Greece is not supporting of migrant movement and tales of abuse and atrocities continue to mount unabated. There are confirmed reports that the Greek Coast Guard has been accused of abandoning asylum seekers close to the Turkish border. They make use of all the rescue equipment that is made available to them for just the opposite- rescuing people stranded at sea.
Apparently, Greek law enforcement officers have been pushing back asylum seekers and even those who are currently residing in Greece, back towards Turkey. The movement of migrants has been increasing as the Covid-19 situation is leaving many without food, water and shelter leave alone the prospects of no way of earning a living.
There's mounting evidence that Greece has been secretly expelling thousands of migrants in recent months.— Michael Bochenek (@MichaelBochenek) August 23, 2020
The government's denials aren't convincing. My @Eva_Cosse on what we know. https://t.co/x7z0czvMkl pic.twitter.com/gUVXErfxIc
Accusation of collective expulsion has enveloped the Greek authorities and is being considered a gross violation of human rights under the European Convention on Human Rights. These findings have been confirmed by the human rights group, Human Rights Watch.
Recent set of interviews with leading media agencies has left Greek Prime Minister Kyriakos Mitsotaskis cornered. But he has tried to push back by denying all allegations of any such violation of human rights. According to accounts shared by victims themselves, there have been summary returns from the Greek Islands of Rhodes, Samos and Symi where people have been forced onto small inflatable rescue rafts and sent off into the sea to reach Turkish border.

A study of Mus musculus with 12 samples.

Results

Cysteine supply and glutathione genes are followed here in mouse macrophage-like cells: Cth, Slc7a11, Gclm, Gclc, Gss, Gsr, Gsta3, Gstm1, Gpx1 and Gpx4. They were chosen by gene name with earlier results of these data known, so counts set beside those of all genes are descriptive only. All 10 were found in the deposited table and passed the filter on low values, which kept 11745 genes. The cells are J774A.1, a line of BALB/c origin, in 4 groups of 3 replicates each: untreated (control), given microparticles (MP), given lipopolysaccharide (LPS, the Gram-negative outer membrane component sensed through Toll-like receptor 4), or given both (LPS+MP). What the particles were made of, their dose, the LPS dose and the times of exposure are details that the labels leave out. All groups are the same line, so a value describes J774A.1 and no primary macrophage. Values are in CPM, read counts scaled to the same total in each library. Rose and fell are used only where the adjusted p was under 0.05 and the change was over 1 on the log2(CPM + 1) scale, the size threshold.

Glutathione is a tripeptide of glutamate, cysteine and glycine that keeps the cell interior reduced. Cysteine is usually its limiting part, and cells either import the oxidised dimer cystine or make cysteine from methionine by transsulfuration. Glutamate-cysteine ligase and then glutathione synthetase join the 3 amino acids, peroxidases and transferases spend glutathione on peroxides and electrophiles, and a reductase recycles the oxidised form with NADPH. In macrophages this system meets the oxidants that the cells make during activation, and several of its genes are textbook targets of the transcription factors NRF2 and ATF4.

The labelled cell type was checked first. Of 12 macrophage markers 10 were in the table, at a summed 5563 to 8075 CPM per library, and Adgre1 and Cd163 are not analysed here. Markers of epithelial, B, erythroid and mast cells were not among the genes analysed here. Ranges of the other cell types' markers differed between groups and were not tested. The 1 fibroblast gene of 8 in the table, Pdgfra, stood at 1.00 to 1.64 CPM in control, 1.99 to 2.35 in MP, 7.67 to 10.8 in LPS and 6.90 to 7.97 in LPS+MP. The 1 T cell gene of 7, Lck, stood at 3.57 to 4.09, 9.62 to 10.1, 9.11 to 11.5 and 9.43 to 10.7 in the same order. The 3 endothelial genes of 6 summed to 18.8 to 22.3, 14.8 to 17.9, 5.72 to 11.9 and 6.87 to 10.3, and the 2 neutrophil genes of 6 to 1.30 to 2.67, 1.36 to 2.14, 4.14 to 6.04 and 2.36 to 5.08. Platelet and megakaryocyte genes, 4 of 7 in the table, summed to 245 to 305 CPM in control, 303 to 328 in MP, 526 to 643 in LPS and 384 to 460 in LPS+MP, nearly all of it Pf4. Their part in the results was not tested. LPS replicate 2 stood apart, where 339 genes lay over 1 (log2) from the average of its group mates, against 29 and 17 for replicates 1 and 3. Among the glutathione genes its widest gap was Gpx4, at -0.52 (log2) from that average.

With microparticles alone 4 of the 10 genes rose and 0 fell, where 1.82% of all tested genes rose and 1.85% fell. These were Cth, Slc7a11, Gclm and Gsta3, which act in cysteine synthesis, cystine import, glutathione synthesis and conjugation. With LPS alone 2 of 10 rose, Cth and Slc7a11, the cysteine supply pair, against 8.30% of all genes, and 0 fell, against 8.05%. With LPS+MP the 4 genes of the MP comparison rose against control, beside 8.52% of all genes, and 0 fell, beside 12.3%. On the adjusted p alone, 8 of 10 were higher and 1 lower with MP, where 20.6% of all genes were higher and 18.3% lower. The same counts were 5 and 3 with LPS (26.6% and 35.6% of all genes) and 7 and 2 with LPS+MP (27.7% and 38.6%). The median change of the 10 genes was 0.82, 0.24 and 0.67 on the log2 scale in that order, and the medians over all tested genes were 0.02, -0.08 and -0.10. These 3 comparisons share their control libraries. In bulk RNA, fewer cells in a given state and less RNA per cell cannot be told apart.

Most of these activities are carried out without adhering to any Covid-19 safety protocols by masked men, Greek police and Greek Coast guards together.
While the European Commission provides financial support to the Greek government for migrant control, human rights activists feel it has done very less in holding Greece responsible for its inhuman behaviour. On its part, Turkey has already been threatening to open its borders into other parts of Europe seeking help from the bloc to accept and accommodate an exodus it has accommodated since the last decade. This has included mainly Syria, Lebanon and Iraq. The numbers have fluctuated after lock downs were opened systematically in these regions that are without a balanced running economy and hit by civil war.